8 – if not neatly a process of “americanization” what about a process of “industrialization”, first of the US South by the North and, then, elsewhere? A process from labor intensive, to capital intensive agriculture, designed to promote urbanization and social control?
This book, as a lesson for environmental history, is that environmental factors, causes, and changes often happen irrespective of political boundaries
Chapter 2 – agro-policy exchange between US and MEX during 1930s was dialogue, not monologue
I feel like Olsson better established that Americans and Mexicans wanted to exchange agro-policies with one another, rather than that they actually did make those exchanges…
133-134 – two schools of opinion on the ejiditarios during WWII — one from hacendados, clergy, and business interests that it’s an inefficient system that promotes indolence — the other from political progressives and radicals claiming that the hacienda system is medieval and that the ejido system simply needs financial and technological investment to become far more productive than the hacienda system. Any schools advocating that ejiditarios simply need autonomy and time to optimize the productivity of their newly acquired lands?
141 – “In 1927, nearly all US corn farmers planted their crop from last year’s seed, choosing varieties based on yield, aesthetics, and hardiness. They drew on a deep well of mltigenerational, place-based knowledge in selecting seeds . . ..”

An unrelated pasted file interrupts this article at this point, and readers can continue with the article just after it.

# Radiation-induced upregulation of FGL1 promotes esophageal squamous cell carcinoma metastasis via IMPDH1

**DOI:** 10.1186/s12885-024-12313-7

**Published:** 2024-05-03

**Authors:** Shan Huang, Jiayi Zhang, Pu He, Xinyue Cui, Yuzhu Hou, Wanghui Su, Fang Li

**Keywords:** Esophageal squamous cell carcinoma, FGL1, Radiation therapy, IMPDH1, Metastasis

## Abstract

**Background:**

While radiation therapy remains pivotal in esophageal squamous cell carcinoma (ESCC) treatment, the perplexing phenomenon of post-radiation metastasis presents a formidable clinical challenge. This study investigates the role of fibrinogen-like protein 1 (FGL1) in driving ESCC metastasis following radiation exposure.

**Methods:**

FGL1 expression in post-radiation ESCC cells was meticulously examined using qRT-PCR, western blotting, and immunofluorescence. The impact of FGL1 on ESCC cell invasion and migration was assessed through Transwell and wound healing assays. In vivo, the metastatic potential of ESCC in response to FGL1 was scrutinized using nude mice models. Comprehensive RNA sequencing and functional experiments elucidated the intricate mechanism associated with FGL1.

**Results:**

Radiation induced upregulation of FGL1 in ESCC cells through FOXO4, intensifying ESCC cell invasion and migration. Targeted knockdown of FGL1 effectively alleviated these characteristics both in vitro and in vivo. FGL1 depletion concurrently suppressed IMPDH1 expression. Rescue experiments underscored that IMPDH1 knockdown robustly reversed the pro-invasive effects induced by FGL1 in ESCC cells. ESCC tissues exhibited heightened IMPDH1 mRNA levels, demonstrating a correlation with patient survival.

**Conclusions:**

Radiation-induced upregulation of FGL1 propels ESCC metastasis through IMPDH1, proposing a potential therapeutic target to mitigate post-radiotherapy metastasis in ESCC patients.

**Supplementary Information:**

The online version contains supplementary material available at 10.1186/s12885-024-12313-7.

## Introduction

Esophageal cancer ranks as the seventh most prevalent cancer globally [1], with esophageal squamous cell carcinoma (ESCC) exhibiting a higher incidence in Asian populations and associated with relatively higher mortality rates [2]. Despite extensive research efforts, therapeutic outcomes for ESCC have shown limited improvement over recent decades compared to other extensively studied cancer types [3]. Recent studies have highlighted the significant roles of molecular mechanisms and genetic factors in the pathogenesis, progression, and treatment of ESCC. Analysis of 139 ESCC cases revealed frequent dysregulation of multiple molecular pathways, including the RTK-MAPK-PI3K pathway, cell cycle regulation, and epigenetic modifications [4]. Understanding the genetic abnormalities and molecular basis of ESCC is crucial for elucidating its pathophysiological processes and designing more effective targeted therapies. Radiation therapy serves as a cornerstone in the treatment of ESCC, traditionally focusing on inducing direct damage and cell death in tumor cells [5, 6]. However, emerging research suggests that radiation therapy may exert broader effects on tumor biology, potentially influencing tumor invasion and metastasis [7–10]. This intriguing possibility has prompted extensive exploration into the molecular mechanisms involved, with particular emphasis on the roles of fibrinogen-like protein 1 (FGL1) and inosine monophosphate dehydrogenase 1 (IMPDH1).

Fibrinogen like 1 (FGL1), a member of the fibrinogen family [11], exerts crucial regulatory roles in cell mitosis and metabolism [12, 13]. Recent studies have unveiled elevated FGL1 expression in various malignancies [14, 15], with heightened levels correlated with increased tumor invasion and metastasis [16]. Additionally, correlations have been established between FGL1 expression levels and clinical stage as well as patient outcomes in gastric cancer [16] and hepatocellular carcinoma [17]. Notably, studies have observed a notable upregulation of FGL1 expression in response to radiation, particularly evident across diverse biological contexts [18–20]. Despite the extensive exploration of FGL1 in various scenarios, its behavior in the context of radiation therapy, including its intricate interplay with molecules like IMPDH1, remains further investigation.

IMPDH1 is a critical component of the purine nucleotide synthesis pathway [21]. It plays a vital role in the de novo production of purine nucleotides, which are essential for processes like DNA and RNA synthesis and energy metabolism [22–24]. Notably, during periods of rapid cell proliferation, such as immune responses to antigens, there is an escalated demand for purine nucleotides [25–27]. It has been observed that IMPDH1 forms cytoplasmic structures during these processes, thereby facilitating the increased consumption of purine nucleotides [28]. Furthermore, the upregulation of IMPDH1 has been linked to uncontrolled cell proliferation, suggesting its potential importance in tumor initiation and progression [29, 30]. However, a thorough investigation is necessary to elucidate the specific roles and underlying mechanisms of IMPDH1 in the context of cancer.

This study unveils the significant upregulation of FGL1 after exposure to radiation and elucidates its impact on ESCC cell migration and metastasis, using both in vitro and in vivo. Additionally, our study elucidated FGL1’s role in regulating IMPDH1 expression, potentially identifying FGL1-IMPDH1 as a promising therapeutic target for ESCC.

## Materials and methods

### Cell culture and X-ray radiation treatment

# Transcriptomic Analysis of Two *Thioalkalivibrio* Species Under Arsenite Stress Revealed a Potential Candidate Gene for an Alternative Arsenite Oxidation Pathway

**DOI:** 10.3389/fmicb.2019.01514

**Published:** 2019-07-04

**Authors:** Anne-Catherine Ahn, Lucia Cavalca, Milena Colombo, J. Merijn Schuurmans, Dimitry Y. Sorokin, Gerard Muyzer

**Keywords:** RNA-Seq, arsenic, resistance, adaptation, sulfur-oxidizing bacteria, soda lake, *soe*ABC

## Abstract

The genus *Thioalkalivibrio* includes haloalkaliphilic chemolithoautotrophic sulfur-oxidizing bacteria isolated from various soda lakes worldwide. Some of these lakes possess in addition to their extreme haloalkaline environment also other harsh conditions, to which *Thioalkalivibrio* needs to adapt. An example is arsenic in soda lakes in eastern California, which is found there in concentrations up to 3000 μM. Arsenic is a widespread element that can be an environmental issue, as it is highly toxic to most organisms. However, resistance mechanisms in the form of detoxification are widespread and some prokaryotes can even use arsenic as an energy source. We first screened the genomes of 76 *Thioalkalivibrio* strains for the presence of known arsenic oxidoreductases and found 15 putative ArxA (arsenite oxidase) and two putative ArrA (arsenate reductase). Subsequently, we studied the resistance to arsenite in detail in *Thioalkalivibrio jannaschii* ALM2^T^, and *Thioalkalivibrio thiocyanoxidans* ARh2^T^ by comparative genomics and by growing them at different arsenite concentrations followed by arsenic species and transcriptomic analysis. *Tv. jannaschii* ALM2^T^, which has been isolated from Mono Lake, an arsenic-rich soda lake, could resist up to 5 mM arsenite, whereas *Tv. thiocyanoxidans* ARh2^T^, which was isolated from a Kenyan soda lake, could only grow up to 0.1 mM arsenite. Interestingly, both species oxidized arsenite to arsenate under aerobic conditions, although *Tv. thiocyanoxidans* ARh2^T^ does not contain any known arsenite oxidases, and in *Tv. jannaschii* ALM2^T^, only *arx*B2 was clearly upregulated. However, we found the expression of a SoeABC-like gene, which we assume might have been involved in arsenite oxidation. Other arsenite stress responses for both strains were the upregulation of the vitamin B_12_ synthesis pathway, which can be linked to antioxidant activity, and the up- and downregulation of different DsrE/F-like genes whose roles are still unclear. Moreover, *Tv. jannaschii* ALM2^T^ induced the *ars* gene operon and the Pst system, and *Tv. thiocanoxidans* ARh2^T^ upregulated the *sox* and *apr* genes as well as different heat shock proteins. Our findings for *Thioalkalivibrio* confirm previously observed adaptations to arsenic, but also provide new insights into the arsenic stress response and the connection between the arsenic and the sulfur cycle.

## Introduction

143 – Eduardo Limon Garcia — Mexican corn breeder trained at Iowa State and therefore had “romantic devotion” to double-cross hybrids despite their obvious drawbacks for the socio-economic and cultural conditions of mexican agriculture and against the recommendation of Mangelsdorf
149 – miguel aleman’s corn commission and its preference for double hybrid corn over open-pollinated synthetic corn — double hybrid’s infeasibility of replanting from it’s own seed creates a dependency relationship between the farmer and the provider of seed (in this case the Corn Commission, i.e. the Mex. Fed. gov’t). This dependency relationship maps onto traditional Mexican political phenomenon of paternalism and clientelism of the state/PNR/PRI
Where does Agrarian Crossings fit in the historiography of environmental history? Is it even an environmental history per se? How does it express the conjunctive spatio-temporality of environmental phenomena?
The analogousness of the US South and rural Mexico was predicated on the spatial analogy of their landscapes and their latifundia/minifundia land distribution dilemmas, as well as on the temporal analogy of their “backwardness” and archaism. Somehow, the reconfiguration of the spatial arrangements of their agricultures were supposed to “thrust them forward” in time. Ironically, at the beginning of these projects, in the early 20th century, latifundia (in both the US South and Mexico) were medieval and feudal and therefore underdeveloped and the minifundium of the yeoman farmer was the “present” ideal. By the end of the story during the cold war, minifundia were inefficiently impracticable relics of agriculture, and latifundia worked by machines and chemicals were the “way of the future.” Thus, various temporal projections forward in time (toward modernity) and backward in time (toward barbarism) were performed through various reconfigurations of the spatial conceptions of the dimensions and scales of the landscape.
In another, comparable example, the future (or ideal present as “modernity”), conceived of as urbanization and industrialization, was also imagined and attained through the coercion of the rural population into cities, reconfiguring the spatial domain of habitation. This is connected to the previous example, because the privileging of the wealthy latifundia landowners, allowing for the dispossession, depopulation, and enclosure of formerly communal, tribal, or smallholding lands decisively drove migration to the cities.